December has always been a big month in our family. My son was born on December 15; our wedding anniversary is December 19; and Christmas is our favorite holiday. While our kids (adults now) spend Thanksgiving with their in-laws, we’ve been fortunate to have them with us for Christmas. Until this year.
We knew well ahead of time that our son, who lives in Los Angeles, wouldn’t be coming home for his birthday or Christmas. But the rest of our plans remained up in the air until the last minute. My mom and dad, aged 88 and 87, were diagnosed with COVID-19 in November; we had no idea how they got it. By Christmas, thankfully, they were recovering though still fatigued.
Our anniversary tradition for many years has been to spend a few nights in Gatlinburg, Tennessee, or nearby in Pigeon Forge, where we do our last-minute Christmas shopping. I always look forward to the lights in the area, and a favorite restaurant in the Old Mill complex. We rented a cabin for two nights in 2020 in Pigeon Forge, figuring we’d stay inside mostly, and we headed that way. Within an hour, we started getting phone calls from concerned family and friends.
Apparently Tennessee had been listed as the worst state in the U.S. for numbers of new COVID-19 cases per 100,000, and Sevier County (where we were heading) one of the worst counties in the state. After about three such calls, we turned our car around and went home. My husband, knowing I usually order quiche there, promised to bake a special quiche at home.
For the past few years, we have attended a Christmas Eve church service, where my niece sings a solo of Ave Maria. For 2020, the service was to be virtual. But would we have our usual Christmas Eve party? All family members planned to get tested for COVID-19 in time to get the results before Christmas Eve. My daughter and her family were planning to head our way on December 23. Then they got their COVID-19 test results. My daughter had tested positive, and they were all being quarantined.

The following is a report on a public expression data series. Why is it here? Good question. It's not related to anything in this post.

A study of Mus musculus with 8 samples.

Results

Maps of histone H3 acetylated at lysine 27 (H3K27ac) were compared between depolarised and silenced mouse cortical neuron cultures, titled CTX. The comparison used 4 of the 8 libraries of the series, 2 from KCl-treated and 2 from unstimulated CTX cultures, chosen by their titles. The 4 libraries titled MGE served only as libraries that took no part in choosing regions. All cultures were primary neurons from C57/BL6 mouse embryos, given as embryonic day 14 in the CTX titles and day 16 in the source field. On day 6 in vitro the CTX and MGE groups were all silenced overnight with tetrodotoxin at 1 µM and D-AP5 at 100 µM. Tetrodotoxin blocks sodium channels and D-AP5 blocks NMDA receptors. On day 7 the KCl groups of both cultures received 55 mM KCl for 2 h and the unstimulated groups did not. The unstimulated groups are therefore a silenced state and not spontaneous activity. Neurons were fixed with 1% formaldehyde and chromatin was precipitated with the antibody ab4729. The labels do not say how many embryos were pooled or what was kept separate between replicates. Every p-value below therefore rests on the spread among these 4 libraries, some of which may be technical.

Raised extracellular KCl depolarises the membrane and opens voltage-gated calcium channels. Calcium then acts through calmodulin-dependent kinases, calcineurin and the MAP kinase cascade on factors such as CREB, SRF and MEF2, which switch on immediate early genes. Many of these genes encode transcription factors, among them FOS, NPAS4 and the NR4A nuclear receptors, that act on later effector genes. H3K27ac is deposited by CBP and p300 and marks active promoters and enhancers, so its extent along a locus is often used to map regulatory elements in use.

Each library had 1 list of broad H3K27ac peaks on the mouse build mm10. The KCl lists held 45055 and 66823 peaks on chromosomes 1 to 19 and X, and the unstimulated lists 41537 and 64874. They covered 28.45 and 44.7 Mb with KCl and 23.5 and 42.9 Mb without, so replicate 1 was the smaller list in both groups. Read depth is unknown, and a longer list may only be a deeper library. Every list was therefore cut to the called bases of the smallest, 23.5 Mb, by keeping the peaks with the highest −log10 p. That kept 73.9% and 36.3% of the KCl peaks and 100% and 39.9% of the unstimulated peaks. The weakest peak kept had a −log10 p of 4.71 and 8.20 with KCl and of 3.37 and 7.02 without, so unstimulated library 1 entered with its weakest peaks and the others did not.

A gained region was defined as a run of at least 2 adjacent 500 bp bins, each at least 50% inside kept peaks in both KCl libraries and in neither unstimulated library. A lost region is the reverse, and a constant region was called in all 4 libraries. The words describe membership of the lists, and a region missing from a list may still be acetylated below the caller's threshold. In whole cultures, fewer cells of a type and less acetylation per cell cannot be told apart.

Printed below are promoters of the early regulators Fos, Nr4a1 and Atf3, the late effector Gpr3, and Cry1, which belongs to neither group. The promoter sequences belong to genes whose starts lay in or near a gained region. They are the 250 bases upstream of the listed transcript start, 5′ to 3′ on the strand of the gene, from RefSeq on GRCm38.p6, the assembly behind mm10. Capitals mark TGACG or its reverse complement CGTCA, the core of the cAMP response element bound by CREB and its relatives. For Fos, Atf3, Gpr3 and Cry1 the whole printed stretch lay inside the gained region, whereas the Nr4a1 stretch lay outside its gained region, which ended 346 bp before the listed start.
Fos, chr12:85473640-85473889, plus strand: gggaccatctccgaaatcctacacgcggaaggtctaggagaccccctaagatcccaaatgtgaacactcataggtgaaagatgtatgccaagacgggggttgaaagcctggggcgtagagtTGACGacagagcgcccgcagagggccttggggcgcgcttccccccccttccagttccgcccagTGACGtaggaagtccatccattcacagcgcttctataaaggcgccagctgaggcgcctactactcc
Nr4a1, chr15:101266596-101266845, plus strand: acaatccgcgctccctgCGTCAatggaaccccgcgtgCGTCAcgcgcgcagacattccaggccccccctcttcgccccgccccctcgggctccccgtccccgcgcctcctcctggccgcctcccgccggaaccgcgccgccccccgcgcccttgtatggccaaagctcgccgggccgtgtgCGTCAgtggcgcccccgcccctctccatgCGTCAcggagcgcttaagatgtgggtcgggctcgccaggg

We told my sister, niece, and parents. If we all wore masks and didn’t serve food, would a small party be safe? We decided it would. We felt blessed to be together and spent much of the party on a zoom call with those who weren’t there in person. Not the same, but special and memorable in its own way.
Sad news about family and friends less fortunate began to drift in. It saddens me too much to share those details, so I won’t.
I left our Christmas decorations and tree up this year until after January 9, when we thought it safe to celebrate our grandson Finn’s ninth birthday (actual birthday January 4). We opened our Christmas gifts that day as well. Christmas in January! How wonderful to see him, his sister Elise (age 5), and their parents in person at last!